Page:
2003 Winter Case Review Part 1: MicroATX Case Madness

A headphone mic and two USB ports, as well as a 1394/Firewire port, are front-mounted below the 5.25" drive opening on the Minuet. Antec chose not to utilize a cover to keep dirt and dust from entering these ports, so the ports are exposed and potentially very vulnerable, as you can see in the photo below. Antec is the only case manufacturer who offered a 1394/Firewire connection with a cable that permitted direct connection to the 1394/Firewire ports on the motherboard. This is something that more case manufacturers need to note, as Antec is the only one who offers this 1394/Firewire direct connection as an option. After all, who really wants to run a cable outside their case for connection of their front-mounted 1394/Firewire port ?

Another problem area with the Minuet that buyers must note is the fact that while the Minuet does support the use of PCI and AGP slots, only low-profile slots are provided ; full height AGP and PCI cards will not bolt down correctly to the Minuet’s PCI/AGP slot exits. While it is possible to remove the slot back plane cover from a PCI or AGP device in some instances to allow it to fit inside a low-profile case as the Minuet, depending on the position of the connectors and the card height, this may not be doable. Certainly, Antec intends users of the Minuet case to either be aware that either low-profile PCI/AGP cards are required, or that the user must alternatively purchase an integrated motherboard that supports all of the features that the consumer may want. This presented some difficulty in our testing configuration, as the ATI AIW9800 would not fit inside the Minuet case. In this instance, we utilized the onboard video provided by our Biostar NForce2 motherboard, rather than the 9800 AIW that we utilized in our other testing configurations.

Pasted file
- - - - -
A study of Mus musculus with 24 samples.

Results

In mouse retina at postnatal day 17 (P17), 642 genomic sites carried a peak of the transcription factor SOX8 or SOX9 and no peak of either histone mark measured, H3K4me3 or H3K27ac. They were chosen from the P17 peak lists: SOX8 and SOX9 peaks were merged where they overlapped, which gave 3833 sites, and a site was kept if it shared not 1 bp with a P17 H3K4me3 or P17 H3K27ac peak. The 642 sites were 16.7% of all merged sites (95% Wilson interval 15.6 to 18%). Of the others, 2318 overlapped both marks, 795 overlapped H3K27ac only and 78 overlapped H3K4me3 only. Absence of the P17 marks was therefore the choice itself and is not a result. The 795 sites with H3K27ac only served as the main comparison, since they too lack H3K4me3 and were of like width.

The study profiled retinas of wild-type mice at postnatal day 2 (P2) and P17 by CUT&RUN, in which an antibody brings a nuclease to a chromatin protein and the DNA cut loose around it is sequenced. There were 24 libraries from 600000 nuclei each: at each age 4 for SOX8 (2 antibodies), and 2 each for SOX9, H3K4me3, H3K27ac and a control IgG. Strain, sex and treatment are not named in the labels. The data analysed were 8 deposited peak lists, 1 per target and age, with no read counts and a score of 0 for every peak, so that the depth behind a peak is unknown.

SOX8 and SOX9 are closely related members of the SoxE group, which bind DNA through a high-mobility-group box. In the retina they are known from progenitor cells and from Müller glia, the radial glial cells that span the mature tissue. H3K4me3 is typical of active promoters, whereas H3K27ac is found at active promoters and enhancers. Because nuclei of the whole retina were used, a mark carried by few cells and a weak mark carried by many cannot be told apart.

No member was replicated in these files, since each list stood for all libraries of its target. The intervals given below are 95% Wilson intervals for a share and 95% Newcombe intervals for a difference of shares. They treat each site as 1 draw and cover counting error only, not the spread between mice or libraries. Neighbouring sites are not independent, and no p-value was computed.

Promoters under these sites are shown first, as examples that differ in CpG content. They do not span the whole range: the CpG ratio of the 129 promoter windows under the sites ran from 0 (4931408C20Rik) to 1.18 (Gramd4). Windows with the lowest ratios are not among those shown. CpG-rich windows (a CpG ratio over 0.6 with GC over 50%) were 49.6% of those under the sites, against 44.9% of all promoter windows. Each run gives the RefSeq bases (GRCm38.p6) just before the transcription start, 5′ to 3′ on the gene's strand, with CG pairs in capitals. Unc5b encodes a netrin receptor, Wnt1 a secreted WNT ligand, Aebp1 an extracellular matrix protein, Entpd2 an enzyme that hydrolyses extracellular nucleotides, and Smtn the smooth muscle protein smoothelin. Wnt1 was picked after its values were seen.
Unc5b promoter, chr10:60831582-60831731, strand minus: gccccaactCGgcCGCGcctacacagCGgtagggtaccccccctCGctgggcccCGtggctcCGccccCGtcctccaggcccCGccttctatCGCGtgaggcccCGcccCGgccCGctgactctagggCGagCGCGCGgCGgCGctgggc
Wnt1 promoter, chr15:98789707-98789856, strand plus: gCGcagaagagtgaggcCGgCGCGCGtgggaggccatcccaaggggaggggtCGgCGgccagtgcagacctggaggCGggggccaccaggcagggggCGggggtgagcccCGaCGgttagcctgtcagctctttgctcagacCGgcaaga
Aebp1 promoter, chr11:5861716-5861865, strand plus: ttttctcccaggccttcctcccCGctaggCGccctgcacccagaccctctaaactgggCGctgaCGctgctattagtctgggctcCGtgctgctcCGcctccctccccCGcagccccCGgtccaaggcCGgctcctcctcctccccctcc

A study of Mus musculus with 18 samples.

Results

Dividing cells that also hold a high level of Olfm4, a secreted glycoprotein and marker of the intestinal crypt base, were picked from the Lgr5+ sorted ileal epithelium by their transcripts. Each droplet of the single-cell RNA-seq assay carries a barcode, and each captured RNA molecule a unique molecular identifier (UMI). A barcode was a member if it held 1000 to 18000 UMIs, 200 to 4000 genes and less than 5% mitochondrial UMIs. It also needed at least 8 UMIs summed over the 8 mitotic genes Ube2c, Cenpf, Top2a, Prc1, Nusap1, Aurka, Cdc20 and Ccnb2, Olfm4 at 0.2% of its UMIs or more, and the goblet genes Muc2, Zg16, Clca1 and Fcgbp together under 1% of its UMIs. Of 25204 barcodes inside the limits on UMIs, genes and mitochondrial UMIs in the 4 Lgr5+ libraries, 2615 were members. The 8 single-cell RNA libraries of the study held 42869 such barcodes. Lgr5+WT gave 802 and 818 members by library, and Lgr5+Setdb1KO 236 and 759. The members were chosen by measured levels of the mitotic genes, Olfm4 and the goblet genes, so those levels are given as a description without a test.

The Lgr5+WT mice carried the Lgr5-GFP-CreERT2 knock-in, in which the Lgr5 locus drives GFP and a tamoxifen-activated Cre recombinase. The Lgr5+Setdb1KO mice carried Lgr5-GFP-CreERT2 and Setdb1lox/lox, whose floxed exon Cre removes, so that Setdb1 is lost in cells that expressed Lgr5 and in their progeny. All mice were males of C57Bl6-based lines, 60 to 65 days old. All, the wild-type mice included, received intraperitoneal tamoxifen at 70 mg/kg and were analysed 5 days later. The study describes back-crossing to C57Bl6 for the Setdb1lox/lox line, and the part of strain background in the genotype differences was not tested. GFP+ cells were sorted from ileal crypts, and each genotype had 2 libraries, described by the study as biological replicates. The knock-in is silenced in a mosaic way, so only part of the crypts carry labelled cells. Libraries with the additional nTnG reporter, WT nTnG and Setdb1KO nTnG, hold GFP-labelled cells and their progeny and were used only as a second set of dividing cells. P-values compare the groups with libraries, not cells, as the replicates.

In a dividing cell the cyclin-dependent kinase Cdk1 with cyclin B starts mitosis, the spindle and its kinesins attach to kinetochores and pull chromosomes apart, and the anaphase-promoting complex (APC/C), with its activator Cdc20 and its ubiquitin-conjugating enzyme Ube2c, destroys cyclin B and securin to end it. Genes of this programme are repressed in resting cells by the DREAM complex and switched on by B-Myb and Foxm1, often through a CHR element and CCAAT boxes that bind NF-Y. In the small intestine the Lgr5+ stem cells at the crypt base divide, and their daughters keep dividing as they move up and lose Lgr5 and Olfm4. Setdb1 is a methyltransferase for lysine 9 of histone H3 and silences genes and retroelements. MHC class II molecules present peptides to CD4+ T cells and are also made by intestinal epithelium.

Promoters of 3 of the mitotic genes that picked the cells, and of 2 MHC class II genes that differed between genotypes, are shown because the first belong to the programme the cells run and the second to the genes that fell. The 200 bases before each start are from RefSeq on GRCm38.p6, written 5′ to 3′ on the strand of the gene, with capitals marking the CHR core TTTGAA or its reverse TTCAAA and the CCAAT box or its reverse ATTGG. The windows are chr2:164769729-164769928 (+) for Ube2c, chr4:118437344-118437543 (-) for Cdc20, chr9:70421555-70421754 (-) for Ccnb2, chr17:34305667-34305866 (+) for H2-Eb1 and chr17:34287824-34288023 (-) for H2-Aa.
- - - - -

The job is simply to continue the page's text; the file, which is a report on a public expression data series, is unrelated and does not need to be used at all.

Certainly, those users who are opting to use the Minuet in a PVR/DVR environment need to be aware of the drawbacks of this design, as this design may limit use of their PCI/AGP card of choice.

A close up of the front mounted I/O ports for the Antec Minuet. Notice the level of detail to the front bezel on the Minuet. Although Antec gets high marks for the bezel on the Minuet, they could have done a much better job of labeling the I/O ports on the front of the case.

Overall, the Minuet is a well designed and efficiency planned case. However, unless you are willing to use an integrated all-in-one motherboard solution or live with the restriction of low-profile AGP/PCI slots, you may be disappointed with this case. However, since many of the new integrated all-in-one solutions provide such robust video and audio offerings the need for PCI/AGP slots has been greatly reduced over time. Antec has built the Minuet as a forward thinking MicroATX case that will certainly cater to a great many users. While it is obvious that we would like to see a Minuet offering that supports standard AGP and PCI cards, the swing away drive cage, plus the included excellently written documentation are two pluses that cannot be overlooked. The Minuet may not be the ideal MicroATX-based case solution, but it certainly offers the best looking of the MicroATX cases that we reviewed. We have no problem recommending the Minuet for purchase as long as consumers understand the restrictions of the Minuet prior to purchasing it.